Connection. Community. Intergenerational Ties. This is what makes the diaspora a beautiful one. We have so many shared cultural similarities across the African diaspora, yet we can still embrace our individual differences. It’s a continuously growing one, and Bumpkin Files is dedicated to bringing light this.
We, Bumpkin Files, are a photo documentation, archive and community resource which explores Black life in Britain beyond London. We also aim to bring attention to unheard voices across the global diaspora, especially Europe. When we think about Black British culture and history, talking points tend to be London-centric and without nuances.
Being part of the ILẸ WA project and having the opportunity to contribute to the book has allowed us to add broader contexts to our rich Afro-Caribbean cultures. Bumpkin Files and ILẸ WA hold similar motifs when it comes to painting the bigger picture. Cultural creativity and understanding one another within the diaspora are some of the things that keep our connection strong. Being involved in ILẸ WA is important to us—Bumpkin Files brings light to the fact that parts of the diaspora, specifically British-Caribbean communities are ‘twice-removed people.’
What do we mean by this? Knowing the grueling historical links between the Caribbean and Britain, and how Africans were ripped from the continent, the descendants of the enslaved further migrated and were even invited to the UK for labor. As a British-Caribbean, there are at times, feelings of displacement. We tend to rightfully claim our Caribbean heritage, but we also recognise that we aren't entirely linked culturally, especially if we haven't spent time living back home. The further displacement is that yes, we embrace our culture that IS ours but there will always be a curiosity about where our African ancestors resided before imperial and colonial interference.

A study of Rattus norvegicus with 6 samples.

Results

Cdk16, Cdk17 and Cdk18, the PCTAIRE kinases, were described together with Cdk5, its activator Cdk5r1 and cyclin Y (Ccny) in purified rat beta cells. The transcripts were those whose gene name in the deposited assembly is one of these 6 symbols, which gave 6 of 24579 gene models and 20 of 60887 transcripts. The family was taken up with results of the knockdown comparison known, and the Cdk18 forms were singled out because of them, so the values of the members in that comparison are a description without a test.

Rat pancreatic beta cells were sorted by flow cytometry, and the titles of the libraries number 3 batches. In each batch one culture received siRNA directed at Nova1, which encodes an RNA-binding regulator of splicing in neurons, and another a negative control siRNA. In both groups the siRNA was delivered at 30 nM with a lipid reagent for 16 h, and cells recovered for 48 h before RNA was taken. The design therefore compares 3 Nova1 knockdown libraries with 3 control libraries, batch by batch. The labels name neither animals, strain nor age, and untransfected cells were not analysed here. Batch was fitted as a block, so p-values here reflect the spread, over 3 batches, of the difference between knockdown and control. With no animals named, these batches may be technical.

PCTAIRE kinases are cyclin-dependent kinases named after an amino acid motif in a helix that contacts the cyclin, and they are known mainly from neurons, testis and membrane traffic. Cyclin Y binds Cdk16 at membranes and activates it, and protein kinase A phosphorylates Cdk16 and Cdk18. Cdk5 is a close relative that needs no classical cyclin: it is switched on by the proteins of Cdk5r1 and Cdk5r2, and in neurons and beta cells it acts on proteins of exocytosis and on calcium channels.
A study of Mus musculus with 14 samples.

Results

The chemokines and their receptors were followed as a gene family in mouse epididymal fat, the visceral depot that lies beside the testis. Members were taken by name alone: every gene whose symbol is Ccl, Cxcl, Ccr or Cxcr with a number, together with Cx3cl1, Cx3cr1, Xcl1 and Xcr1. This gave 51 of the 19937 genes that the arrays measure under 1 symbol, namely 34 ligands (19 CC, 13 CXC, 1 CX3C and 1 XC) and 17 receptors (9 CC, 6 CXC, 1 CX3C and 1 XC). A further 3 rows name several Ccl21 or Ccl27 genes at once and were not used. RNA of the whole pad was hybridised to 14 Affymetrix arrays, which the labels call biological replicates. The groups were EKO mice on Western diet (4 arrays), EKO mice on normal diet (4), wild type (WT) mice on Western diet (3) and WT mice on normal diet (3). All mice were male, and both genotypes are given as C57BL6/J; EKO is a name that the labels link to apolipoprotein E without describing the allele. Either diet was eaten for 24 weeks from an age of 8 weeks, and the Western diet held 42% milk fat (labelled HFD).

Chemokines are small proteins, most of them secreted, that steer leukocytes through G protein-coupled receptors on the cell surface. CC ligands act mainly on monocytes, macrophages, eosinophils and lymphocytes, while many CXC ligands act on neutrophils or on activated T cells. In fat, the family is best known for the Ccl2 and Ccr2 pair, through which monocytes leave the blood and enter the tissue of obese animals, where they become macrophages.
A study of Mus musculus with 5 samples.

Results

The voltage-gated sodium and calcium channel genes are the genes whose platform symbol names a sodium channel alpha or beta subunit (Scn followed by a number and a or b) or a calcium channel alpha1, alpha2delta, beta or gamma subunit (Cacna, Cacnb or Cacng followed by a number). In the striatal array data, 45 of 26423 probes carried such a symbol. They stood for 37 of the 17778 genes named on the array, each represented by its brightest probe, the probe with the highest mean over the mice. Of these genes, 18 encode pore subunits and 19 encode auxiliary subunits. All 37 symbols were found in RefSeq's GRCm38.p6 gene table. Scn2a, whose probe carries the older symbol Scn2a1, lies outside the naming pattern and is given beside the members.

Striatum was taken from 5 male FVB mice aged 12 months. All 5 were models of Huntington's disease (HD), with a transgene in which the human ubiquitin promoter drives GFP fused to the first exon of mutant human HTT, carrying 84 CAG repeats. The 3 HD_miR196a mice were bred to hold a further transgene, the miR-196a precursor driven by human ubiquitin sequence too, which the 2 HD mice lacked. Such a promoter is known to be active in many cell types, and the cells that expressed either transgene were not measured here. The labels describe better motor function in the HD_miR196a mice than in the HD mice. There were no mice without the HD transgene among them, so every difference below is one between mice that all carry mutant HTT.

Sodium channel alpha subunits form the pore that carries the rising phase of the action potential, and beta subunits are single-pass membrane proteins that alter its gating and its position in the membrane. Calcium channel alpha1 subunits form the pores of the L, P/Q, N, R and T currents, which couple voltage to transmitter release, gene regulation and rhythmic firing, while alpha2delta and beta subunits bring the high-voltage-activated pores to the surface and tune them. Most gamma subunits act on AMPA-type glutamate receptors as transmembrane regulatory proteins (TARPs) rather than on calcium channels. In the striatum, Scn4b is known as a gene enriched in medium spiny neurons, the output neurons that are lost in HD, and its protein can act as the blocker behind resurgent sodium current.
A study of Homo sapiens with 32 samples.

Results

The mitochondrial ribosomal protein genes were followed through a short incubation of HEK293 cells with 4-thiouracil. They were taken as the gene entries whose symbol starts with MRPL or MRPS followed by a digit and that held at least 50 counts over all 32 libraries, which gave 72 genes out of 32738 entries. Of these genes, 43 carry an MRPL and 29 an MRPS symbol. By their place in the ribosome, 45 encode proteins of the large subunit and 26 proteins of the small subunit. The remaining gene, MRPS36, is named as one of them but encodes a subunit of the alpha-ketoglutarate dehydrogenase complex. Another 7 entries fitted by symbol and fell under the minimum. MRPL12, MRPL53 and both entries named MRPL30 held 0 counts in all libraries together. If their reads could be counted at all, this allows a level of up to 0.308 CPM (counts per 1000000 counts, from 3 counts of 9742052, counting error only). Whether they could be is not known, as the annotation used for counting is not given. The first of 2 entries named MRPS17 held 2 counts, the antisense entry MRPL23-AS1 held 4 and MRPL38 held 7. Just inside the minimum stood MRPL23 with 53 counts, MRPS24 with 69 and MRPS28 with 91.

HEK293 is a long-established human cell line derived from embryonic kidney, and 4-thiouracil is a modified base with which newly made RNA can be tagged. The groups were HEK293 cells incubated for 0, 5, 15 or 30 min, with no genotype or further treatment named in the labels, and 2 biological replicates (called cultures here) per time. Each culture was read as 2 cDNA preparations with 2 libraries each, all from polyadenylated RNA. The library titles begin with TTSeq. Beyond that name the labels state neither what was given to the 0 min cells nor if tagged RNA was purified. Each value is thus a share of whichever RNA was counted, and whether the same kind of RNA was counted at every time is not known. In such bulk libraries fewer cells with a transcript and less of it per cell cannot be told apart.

The photographs that we have featured in the upcoming ILẸ WA book are from British-Nigerian creative, Tobi Onabolu’s ‘Dear Black Child’ short film produced in 2021. This film focuses on a Black child on a quest for joy, encounters a mysterious spirit, and a High Priestess with her merrymakers, in an enchanted forest. Our founder, Karis Beaumont, was commissioned to document and create photographic art for the project. On her part, she wanted to participate to collaborate with Onabolu to add her photographic perspective to the project. Bumpkin Files always encourages collaboration and cross diasporic creativity, so further showcasing these pieces for the book was only right. Being British of Caribbean descent was a way to connect to the continent creatively, as well as learn about different belief systems from the continent.
Our involvement in the book has reminded us of the importance of actively photographing the diaspora in different situations. In the grand scheme of things, you never know how it can impact people in the future, and we are essentially recording histories. This statement rings even more true knowing that the purpose behind the ILẸ WA book is not only to uplift and connect the African and Caribbean diaspora but also to fund the education of young people in our roots.
The ILẸ WA short film will be screening on the 11th November at the National Gallery in partnership with Create IRL. Keep an eye out over the coming weeks for its release.
All photography and archival imagery has been provided by Bumpkin Files.